Options For Remote Packaging Machine Servicing


Because of COVID-19 travel restrictions and social-distancing requirements, many packaging machine builders are supporting their customers remotely now using a variety of technologies. Here are six options.


Most of America may be on lockdown because of the COVID-19 pandemic but essential manufacturing lines are still running. They need support from their packaging machine builders.


Field service is always expensive. Travel is one big cost. More costly yet is response time. Under the best of circumstances, it can take 24 hours or more to get a tech on site. What product manufacturer, even in normal times, can afford 24 hours of a machine being down?


Many packaging machine builders are supporting their customers remotely now using a variety of technologies. Here are the options:


1. PLCs connected to the internet.


Programmable Logic Controllers (PLS) became popular in the 1980s and 1990s. They replace electro-mechanical controls, as seen at left in the photo below, with a small electronic box. Instead of tools, meters, and patience, troubleshooting is done using a laptop. It quickly became obvious that the laptop didn’t need to be at the machine but could be thousands of miles away. Initially with dial-up modems connecting to the internet, most modern machines allow remote troubleshooting.



2. Smart sensors.


High-speed networks, secure, always on VPN connections, and the cloud have enhanced this further. Some builders like ABB Robotics’ Ability Connected Services provide 24/7 monitoring of machine conditions and can notify of problems before they occur. Smart sensors, such as the GraceSense (see photo below), can continuously monitor temperature and vibration, and wirelessly send an alert locally or around the before, rather than after, failure.



3. Standalone internet of things (IoT) devices.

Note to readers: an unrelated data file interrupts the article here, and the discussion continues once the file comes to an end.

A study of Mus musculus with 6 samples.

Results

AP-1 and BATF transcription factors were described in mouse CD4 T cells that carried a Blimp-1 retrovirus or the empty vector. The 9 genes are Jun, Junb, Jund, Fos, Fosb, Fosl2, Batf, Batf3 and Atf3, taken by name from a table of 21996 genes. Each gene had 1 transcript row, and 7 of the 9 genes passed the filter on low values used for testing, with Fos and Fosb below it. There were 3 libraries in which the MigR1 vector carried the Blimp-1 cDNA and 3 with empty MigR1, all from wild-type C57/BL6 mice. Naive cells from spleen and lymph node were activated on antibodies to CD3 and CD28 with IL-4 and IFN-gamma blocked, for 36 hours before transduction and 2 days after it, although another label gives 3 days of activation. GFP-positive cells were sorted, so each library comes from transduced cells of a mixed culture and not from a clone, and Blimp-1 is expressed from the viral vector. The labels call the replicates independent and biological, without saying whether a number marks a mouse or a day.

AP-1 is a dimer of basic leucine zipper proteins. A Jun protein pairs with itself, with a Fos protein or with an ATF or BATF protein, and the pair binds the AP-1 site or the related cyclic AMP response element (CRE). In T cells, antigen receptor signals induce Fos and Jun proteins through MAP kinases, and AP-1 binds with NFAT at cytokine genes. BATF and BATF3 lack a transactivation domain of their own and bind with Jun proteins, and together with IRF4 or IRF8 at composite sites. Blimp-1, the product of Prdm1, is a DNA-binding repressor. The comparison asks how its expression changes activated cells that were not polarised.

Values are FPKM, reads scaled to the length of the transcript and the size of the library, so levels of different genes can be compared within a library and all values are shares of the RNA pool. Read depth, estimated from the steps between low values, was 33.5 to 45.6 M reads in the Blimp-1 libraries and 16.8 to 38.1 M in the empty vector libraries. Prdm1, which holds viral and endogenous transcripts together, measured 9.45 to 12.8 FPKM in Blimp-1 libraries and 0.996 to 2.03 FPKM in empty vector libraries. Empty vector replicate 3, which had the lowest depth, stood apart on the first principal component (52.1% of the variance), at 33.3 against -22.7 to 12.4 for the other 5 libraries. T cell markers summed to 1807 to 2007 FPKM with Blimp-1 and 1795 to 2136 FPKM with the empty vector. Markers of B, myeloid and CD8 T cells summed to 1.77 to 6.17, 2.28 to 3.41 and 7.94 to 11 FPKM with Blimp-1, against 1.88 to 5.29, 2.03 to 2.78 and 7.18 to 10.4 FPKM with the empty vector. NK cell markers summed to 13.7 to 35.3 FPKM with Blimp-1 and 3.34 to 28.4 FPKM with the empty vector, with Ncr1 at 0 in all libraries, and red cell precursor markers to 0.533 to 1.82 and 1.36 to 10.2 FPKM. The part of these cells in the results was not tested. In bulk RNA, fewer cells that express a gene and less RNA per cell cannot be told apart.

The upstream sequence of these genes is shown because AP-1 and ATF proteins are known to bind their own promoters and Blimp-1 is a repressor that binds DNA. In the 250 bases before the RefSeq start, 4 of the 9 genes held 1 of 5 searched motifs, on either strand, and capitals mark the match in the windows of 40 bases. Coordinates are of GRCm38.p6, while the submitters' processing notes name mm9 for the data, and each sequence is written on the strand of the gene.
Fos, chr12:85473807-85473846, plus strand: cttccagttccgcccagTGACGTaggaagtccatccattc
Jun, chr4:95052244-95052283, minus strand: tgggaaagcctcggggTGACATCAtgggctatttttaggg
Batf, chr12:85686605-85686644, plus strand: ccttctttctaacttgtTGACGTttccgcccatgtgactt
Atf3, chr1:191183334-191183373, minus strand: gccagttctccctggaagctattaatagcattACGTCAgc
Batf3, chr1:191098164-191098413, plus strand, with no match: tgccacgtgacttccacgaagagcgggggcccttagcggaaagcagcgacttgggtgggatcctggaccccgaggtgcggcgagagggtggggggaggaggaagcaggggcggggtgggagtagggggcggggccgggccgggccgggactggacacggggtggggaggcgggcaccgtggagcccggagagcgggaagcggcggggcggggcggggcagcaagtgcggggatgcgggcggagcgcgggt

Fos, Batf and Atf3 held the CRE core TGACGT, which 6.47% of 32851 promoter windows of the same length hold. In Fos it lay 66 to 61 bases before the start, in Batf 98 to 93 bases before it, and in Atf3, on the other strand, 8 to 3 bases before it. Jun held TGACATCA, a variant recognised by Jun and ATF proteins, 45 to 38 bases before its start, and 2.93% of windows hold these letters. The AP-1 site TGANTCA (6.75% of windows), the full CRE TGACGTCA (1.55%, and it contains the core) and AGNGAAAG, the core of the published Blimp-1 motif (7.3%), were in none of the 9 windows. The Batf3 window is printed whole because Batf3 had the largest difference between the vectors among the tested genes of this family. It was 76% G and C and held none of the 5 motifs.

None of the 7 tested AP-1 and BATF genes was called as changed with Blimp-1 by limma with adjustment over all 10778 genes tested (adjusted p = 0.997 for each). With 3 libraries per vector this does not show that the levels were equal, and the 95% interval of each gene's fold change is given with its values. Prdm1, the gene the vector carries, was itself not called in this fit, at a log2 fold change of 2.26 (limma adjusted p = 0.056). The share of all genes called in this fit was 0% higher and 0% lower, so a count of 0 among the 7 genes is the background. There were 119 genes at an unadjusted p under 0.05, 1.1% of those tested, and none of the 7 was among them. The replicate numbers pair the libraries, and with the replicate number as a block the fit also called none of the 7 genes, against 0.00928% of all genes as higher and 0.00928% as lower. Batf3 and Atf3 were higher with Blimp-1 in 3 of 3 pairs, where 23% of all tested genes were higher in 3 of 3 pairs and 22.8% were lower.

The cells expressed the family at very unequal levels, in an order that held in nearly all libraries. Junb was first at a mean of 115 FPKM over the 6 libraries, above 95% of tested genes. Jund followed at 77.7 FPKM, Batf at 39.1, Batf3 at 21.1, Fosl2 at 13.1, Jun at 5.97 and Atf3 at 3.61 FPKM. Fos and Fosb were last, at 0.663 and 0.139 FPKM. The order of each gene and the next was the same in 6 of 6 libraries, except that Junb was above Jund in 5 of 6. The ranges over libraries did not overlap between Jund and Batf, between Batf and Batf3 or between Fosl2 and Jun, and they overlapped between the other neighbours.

When the plant manager is working from home, they can’t tell what is happening on the packaging line. Is it running or down and why? Production output, rejects, and efficiencies are some of the data that can be accessed remotely via laptop, tablet, or smartphone. Systems range from the complex to simpler systems like this XL from Vorne. It will even send text or email notification when the line is down, running slow, or other trigger-events occur.


4. Smartphone apps.


Telepresence lets you be there without actually being there. We all have a camera in our pockets. With our smartphones, we can share what our camera is seeing, in real time, anywhere in the world. When a machine acts up, our phone shows the builder’s technician, even thousands of miles away, what’s happening. Language barriers and machine nomenclature no longer matter. They see what we see.


But wait, there’s more.


Help Lightning calls its app “Merged Reality.” The local tech focuses his or her phone or tablet on the area of interest. The remote tech not only sees this but can interact on the local phone screen. In this picture, we see the plant tech aiming the phone, and, on the local phone screen, the remote tech pointing something out.